Original insights in international business and marketing

Create a Winning Digital Marketing Strategy


The content marketing land grab is happening. Right now. Everywhere. Are you actively participating in it yet? Are you just dipping your toes in the water or are you watching from the sidelines waiting for the “right time” to get in?

In case you are waiting until things “settle down” a bit or that all this digital marketing “stuff” starts making some vague sense, you might want to reconsider. The social media and content marketing train is leaving the station. Although many aboard are by no means guaranteed success, passengers who board the train early will be far more likely to reap a disproportionate share of the digital “pie” and customer’s mindshare.

You see, today’s Inbound Marketing leaders are playing for keeps. They are doubling down on digital, claiming their stake in the virtual, digital and online real estate. All signs are pointing towards increased spending and investments in non-traditional marketing activities. How much? Estimates vary widely, of course, but experts agree that digital marketing accounting for under 25% of the total marketing budget is dangerously low. Leading on-line marketers are probably spending more in the 50-75% range.

So what is a budding digital marketer to do? Is it perhaps a bit late in the game? No, I don’t think so. These are still early days for many industries and there is a great deal of digital “real estate” still up for grabs. But there is no time to waste.

Before you jump in with both feet (and no parachute), here are a few questions you should try to ask yourself and hopefully address in your digital marketing plan:

  1. Who are we trying to reach? Is it the whole world or can you identify key subsets, segments, profiles or customers. If they aren’t all the same then try to prioritize between them.
  2. What are their digital and on-line consumption/engagement paterns and profiles? What do your target audience(s), read, like, look/ask for? Where do they hang out on-line? Do they tend to use PCs, laptops, tablets, phones?
  3. What exactly are we trying to accomplish? You need to agree sooner rather than later on what you are attempting to achieve here. Is it: raising awareness, generating leads, stimulating demand, finding brand ambassadors, establishing yourself as an industry/lthought leader, engaging with customers, identifying new insights & product ideas, supporting sales, etc…?
  4. What is it that we specifically want to own or be known for? Understand what segments, conditions, specialties, product spaces or themes you specifically wish to own or be most closely associated with.
  5. What will our RTB (Reason To Believe) or differentiators be? You need to be able to articulate to your intended audience why they should trust or believe you more than anyone else?
  6. What resources, budgets and assets (internal or external) do we have at our disposal to support the mission? Understand if you can count on an internal stable of budding content creators or if you will require outside (agencies, freelancers, consultants, etc…) assistance. Do you have existing on-line platforms you can leverage or previous content you can repurpose/repackage.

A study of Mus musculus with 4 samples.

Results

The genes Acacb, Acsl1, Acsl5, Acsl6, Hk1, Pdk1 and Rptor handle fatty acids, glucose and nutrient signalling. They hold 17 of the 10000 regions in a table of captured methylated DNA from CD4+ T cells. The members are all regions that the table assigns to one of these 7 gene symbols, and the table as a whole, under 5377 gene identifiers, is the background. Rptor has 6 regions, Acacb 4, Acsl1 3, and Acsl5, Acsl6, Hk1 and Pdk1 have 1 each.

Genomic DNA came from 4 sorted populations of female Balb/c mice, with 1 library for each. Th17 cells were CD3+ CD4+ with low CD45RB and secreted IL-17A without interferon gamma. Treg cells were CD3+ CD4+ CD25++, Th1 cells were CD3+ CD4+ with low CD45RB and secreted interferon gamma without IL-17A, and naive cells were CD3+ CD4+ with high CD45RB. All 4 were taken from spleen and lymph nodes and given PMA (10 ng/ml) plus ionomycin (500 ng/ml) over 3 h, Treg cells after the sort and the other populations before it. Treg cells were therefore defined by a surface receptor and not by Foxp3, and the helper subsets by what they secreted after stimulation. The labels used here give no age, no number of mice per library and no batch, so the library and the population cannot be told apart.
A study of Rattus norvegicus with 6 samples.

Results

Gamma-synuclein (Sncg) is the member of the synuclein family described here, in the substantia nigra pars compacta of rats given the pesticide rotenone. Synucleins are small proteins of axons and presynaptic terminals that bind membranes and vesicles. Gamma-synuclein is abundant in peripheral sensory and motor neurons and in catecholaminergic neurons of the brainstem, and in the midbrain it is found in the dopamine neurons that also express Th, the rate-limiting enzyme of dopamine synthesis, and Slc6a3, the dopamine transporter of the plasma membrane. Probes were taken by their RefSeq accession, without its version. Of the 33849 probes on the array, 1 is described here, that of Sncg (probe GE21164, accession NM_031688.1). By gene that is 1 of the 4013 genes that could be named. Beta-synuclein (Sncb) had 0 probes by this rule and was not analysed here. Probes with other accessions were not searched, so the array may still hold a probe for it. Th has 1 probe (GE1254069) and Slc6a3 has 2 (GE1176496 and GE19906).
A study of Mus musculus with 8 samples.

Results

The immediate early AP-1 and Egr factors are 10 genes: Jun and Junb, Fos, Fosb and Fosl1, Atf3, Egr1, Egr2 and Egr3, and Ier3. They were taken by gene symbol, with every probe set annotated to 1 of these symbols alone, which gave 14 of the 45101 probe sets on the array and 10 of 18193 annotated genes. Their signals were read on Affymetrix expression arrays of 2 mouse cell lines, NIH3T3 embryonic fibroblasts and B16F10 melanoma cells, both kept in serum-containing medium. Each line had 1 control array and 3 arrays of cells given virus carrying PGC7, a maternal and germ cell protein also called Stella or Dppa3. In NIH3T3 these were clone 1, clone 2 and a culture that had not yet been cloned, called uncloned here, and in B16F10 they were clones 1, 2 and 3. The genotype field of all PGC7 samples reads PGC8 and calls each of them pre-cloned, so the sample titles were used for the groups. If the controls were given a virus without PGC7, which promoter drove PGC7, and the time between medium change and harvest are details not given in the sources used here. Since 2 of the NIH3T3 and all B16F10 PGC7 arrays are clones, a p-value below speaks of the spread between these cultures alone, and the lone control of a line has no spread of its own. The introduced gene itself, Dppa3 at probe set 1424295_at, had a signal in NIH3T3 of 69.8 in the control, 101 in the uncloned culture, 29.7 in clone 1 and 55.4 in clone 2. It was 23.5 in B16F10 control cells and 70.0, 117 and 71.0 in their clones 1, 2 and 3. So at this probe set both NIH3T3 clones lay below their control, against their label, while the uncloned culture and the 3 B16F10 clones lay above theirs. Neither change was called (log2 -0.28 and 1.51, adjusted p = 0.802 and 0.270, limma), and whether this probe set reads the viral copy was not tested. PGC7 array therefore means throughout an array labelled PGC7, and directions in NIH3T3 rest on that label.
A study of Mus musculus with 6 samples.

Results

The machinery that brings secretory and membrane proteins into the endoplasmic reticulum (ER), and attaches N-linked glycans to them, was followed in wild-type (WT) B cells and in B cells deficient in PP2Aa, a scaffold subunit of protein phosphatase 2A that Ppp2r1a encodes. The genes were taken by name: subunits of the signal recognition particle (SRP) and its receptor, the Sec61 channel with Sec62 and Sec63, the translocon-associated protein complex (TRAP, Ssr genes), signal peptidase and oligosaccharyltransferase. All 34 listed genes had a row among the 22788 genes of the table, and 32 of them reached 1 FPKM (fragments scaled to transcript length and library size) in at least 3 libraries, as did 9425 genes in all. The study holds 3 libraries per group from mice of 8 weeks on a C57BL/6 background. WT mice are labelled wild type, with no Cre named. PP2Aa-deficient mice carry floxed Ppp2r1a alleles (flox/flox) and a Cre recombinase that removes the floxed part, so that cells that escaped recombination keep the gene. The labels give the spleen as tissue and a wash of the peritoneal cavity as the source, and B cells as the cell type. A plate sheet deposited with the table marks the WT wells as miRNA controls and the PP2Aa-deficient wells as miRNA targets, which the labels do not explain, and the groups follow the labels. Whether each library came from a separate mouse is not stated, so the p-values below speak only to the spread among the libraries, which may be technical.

7. How pilot-able and scalable (locally and/or globally) are our digital marketing initiatives? You probably don’t want to plough all your resources (not to mention your personal reputation) into just 1-2 projects without first testing the waters. Start small, on multiple fronts, and see what works after frequent tweaking. Rollout and expand once you have perfected the recipe but always keep adjusting on the fly.
  8. What systems and tools do we have in place today? Figure out what you already have (check with IT, Corporate Marketing and Customer Service!) and what you will be needing (collaboration software, SM tracking applications, content management tools, etc…).
  9. What content can we sustainably offer that’s either informational, educational or entertaining? No sense putting out stuff that is of little value or that cannot be sustained over the long run. Low value material and inconsistency are two of the biggest digital marketing killers.
  10. How can we get Sr. Management buy-in and support? Are the big guys & gals on-board with your thinking? Do they really get it or are they just playing along because its the cool thing to do these days? If they are not totally on board, you can always use: fear (competition moving ahead, leaving us behind…), education (teach them using published studies and data on the impact of digital marketing); greed (think of the savings digital offers vs. traditional!); ocustomer engagement (think of insight gathering, market research and new product ideas waiting to be uncovered!). Remember to ask for their patience because these (untried) things often take time to take-off.
  11. What success metrics or desired outcomes have we established? Would be nice if everybody had an idea of what success might look like if you are planning to come back asking for more money.
  12. How capable, committed and confident is our marketing team? No sense charging down the battlefield if your troops aren’t behind you, if they aren’t properly trained or if they will desert at the first sign of trouble.

Thoughts? Emotional outbursts? Like it, leave a comment and follow the Parifornia blog (Original insights in international business and marketing).
photo credit: Search Engine People Blog via photopin cc




Andrew Hyncik

Parifornia is the creation of Andrew Hyncik, an experienced International Marketing executive who's lived and worked for over 20 years in both Europe and North America.